Washington, DC - Artie Tafoya has big plans for the Appalachian Brewing Company, the Harrisburg-based craft beer and soda business he co-owns. He wants to add capacity, build his customer base and hire more workers. And thanks to the recent federal tax cuts, he’s confident he can get it done.
“They’ve allowed us to look toward the future and decide we’re ready to grow again,” he said.
I met Artie at the restaurant, brewery and event space he and his partners built with the help of a loan guaranteed by the U.S. Small Business Administration.
The 26,000-square-foot space in Silver Spring Township has 80 employees and serves as many as 300 customers a day.
It produces specialty beers, as well as all the root beer and other craft sodas served at the company’s six restaurants and bottled for sale in thousands of locations across the country.
And still, Artie notes, the facility is operating at only 15 percent capacity. As it grows, he’ll create 20 or 30 more jobs.
Growth had stalled after this location opened in 2014, but since President Trump signed the tax cuts into law, Artie and his partners are feeling optimistic: “We see the future as being pretty bright. We see people spending money now.”
Artie’s optimism reflects what I hear from small business owners I meet with all over the country. And it’s reflected in multiple surveys of entrepreneurs. In surveys done by the National Federation of Independent Businesses, the U.S. Chamber of Commerce, CNBC and the National Association of Manufacturers, members report their highest-ever levels of optimism.
As a result of their confidence in our economy, small business owners are creating jobs. The latest jobs report shows that since President Trump was elected, almost 3 million jobs have been created.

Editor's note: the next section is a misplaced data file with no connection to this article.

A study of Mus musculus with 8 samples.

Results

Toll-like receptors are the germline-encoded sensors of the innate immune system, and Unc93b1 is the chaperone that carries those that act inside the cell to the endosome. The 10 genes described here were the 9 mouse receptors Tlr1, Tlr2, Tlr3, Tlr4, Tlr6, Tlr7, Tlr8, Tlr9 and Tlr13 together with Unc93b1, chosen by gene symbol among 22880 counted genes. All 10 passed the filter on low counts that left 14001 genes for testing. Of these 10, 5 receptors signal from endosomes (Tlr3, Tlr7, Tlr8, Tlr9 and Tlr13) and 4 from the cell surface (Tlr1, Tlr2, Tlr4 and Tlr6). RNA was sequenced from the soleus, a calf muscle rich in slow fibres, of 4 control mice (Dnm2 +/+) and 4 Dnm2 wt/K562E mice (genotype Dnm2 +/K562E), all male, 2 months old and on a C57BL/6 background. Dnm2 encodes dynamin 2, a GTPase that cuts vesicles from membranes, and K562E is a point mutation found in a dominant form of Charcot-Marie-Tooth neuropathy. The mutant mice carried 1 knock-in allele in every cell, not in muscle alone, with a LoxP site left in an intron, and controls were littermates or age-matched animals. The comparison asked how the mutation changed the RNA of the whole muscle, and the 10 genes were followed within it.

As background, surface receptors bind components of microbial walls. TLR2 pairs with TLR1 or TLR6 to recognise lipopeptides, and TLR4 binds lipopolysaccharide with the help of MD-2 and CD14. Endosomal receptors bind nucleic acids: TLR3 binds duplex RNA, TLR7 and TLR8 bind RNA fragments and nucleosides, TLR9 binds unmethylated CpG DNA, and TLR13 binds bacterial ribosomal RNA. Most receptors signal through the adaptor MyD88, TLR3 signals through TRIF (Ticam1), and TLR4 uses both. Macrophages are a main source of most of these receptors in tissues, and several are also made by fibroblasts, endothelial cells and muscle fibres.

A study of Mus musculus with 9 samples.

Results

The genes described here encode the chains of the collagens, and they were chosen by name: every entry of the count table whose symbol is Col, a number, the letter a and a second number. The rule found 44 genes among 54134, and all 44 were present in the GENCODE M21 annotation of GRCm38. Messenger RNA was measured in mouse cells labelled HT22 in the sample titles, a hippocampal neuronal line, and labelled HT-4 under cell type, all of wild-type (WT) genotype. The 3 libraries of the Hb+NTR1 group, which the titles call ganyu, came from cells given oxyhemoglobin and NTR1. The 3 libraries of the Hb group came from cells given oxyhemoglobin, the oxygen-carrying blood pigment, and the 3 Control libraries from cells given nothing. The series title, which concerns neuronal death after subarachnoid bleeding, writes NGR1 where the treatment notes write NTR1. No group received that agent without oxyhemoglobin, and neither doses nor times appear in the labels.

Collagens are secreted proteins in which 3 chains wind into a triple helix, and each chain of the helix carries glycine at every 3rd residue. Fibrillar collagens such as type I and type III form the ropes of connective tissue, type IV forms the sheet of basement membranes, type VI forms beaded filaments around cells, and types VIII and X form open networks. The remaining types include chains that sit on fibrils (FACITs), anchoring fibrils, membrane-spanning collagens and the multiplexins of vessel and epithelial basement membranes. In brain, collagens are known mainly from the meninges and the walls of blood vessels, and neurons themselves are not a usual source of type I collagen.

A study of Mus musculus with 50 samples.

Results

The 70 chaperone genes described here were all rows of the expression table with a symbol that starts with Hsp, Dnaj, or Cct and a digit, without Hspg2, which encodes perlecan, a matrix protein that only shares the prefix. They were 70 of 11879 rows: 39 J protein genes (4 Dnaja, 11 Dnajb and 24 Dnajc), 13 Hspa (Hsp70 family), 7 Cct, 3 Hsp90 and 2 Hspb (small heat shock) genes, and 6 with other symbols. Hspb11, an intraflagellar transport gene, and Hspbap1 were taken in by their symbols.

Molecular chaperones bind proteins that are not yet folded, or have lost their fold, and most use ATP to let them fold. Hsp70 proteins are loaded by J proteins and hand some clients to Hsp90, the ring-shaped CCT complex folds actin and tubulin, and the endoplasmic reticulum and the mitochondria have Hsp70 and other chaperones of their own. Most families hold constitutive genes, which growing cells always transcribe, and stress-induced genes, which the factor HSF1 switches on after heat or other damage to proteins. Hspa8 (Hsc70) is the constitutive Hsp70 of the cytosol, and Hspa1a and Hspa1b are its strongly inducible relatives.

The national unemployment rate has fallen to 4.1 percent, the lowest it’s been in 17 years. The number of people getting unemployment benefits is the lowest since 1973. Meanwhile, wages are on the rise – up 2.7 percent, the highest twelve-month rate during any calendar year since 2008.
These numbers aren’t just good headlines. They have a real impact in on America’s 30 million small businesses and in effect, the millions of people who own or work for them. They’ll be taxed at lower rates. When filing taxes, most businesses will be able to deduct 20 percent of their business income. And for the next five years, they’ll be able to write off a significant portion of the cost of investments in new equipment in the year the investments are made.
Artie Tafoya says all of these factors will make a difference. As he showed me around the bottling facility, he pointed out what he called the “heart” of the operation – a giant piece of equipment that instantaneously mixes soda syrup with water, cools it, carbonates it and sends it to the bottling machine. It’ll be too small for the growth he envisions, so he’s planning to purchase another – and thanks to the tax cuts, he’ll be able to write off that investment.
Many entrepreneurs tell me they’ll invest their tax savings in their businesses – adding resources, improving technology, raising wages or giving bonuses to employees.
And because of their lower tax rates, most workers are seeing more money in their paychecks.
The Council of Economic Advisers estimates the economy will grow by three percent on average over the next ten years, and household incomes will increase by about $4,000 a year due to the corporate tax cuts alone.
As consumers in central Pennsylvania shop and dine out more, they’ll put more money into their local economy – and into businesses like Artie’s.
This op-ed appeared in the Harrisburg Patriot-News on April 18, 2018.